What does the future hold for UK beef farming?
A further shift from suckler- to dairy-bred beef, greater emphasis on carbon credentials and solid demand are the key forecasts for the beef sector.
Beef prices should be similarly well-supported in 2022. Photo: FW
The firm beef prices seen in the past 12 months are likely to continue as domestic supplies remain low, according to AHDB lead livestock analyst Duncan Wyatt.
Deadweight beef prices broke through the £4/kg barrier in 2021. With still too few beef cattle on the ground, prices should be similarly well-supported in 2022, Mr Wyatt says.
The short supply is set against a backdrop of growing world demand, boosting prospects over the coming years.
He also allayed fears over the Australian trade deal: Australia will continue to supply customers including the US, Japan and China and only compete to displace Irish mince on the UK market.
Shift in production
In the longer term, the domestic market will continue to see supply shift away from suckler herds towards dairy-bred beef.
About 55% of British beef already comes from dairy-bred animals and, with milk processor contracts insisting that bull calves are reared, this trend will continue.
Greater use of sexed semen and beef genetics will aid the switch, and economics will add further momentum with more suckler farmers expected to move into dairy production to capitalise on the dual outputs of milk and meat rather than beef alone, Mr Wyatt suggests.
He is also confident that a long-threatened carbon tax on red meat will not be adopted by the government, although there will be growing pressure to cut emissions.
Key to meeting targets is knowing what emissions are being produced. There will have to be widespread uptake of carbon calculators and the process of measuring should begin as soon as possible, Mr Wyatt says.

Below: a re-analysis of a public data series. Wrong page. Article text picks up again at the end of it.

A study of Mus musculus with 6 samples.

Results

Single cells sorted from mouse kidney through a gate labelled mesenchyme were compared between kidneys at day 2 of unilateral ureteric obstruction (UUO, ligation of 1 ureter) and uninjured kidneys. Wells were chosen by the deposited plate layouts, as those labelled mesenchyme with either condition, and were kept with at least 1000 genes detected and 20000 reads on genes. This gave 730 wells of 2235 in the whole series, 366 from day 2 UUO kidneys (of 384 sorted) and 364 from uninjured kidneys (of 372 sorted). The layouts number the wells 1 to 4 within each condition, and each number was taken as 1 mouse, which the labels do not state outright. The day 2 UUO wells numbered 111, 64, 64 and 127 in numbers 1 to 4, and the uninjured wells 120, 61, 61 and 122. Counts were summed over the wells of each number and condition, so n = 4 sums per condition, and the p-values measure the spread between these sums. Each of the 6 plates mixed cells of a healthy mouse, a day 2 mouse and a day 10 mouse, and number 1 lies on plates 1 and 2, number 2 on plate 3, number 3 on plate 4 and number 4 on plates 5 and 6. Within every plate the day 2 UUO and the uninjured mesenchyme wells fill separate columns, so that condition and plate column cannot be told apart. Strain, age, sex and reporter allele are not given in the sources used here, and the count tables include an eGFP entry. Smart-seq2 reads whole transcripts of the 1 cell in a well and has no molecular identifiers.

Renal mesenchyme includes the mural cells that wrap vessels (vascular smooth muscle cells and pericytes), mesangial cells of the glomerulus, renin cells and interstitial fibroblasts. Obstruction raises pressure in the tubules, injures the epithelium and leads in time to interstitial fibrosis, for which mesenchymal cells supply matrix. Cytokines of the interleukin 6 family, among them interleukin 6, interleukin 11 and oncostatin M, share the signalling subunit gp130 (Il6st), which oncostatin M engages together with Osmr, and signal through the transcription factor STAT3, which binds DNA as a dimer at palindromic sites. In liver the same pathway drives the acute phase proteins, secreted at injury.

National Beef Association chief executive Neil Shand says well-managed herds will already be keeping carbon output down, with the largest contributors – fuel, fertiliser, and bought-in feed – used efficiently.
The UK also has a particularly good story to tell, with grazed systems accounting for 90% of the herd.
However, Mr Shand says the government has called for a 30% cut to methane emissions from the sector and this would ramp up the pressure.
Further tightening of management will be necessary to hit this target, he adds. For example, bringing forward finishing dates by three months would reduce lifetime methane output by 20%, he says.
A further 13% of methane emissions could be cut by reducing disease. “We have to keep raising the bar on this and will look to eradicate endemic disease via programmes for BVD and Johne’s, with efforts to cut IBR stepped up.”
However, to cut methane emissions further, Mr Shand says in-feed inhibitors would have to be introduced as soon as possible.
“We urge the government to see this as a priority and fund extensive research to bring methane inhibitors to market in the very near future,” he adds.
-The bond between farmers and the public was strengthened during the pandemic, and many retailers have committed to stocking 100% British beef, which will mean £4/kg is the “new normal”
-Despite the trade deal, Australian beef will not have a huge impact on the UK market
-More beef will come from the dairy sector
-Beef producers will have to lower methane emissions using different methods
Changes affecting the beef sector: Three crises and support
The past 30 years have been among the most challenging ever faced by British beef producers, with disease, food scares and public pressure forcing the sector to adapt to survive.
In 1990, the Christmas beef joint would most likely have been from a continental-bred animal that arrived at the table via a market, a small abattoir and a local butcher.
About 60% of beef was sold through high-street butchers, backed by a network of 779 abattoirs, explains National Beef Association chief executive Neil Shand.
That beef was likely to be taken from an animal over 30 months old. Many farmers believed it was impossible to properly finish a beef animal below that age, Mr Shand says.
Subsidies also rewarded producers for keeping older finishers, with two annual pay-outs for steers under the Beef Special Premium scheme.
And incentives through the Suckler Cow Premium scheme encouraged farmers to keep more breeding animals.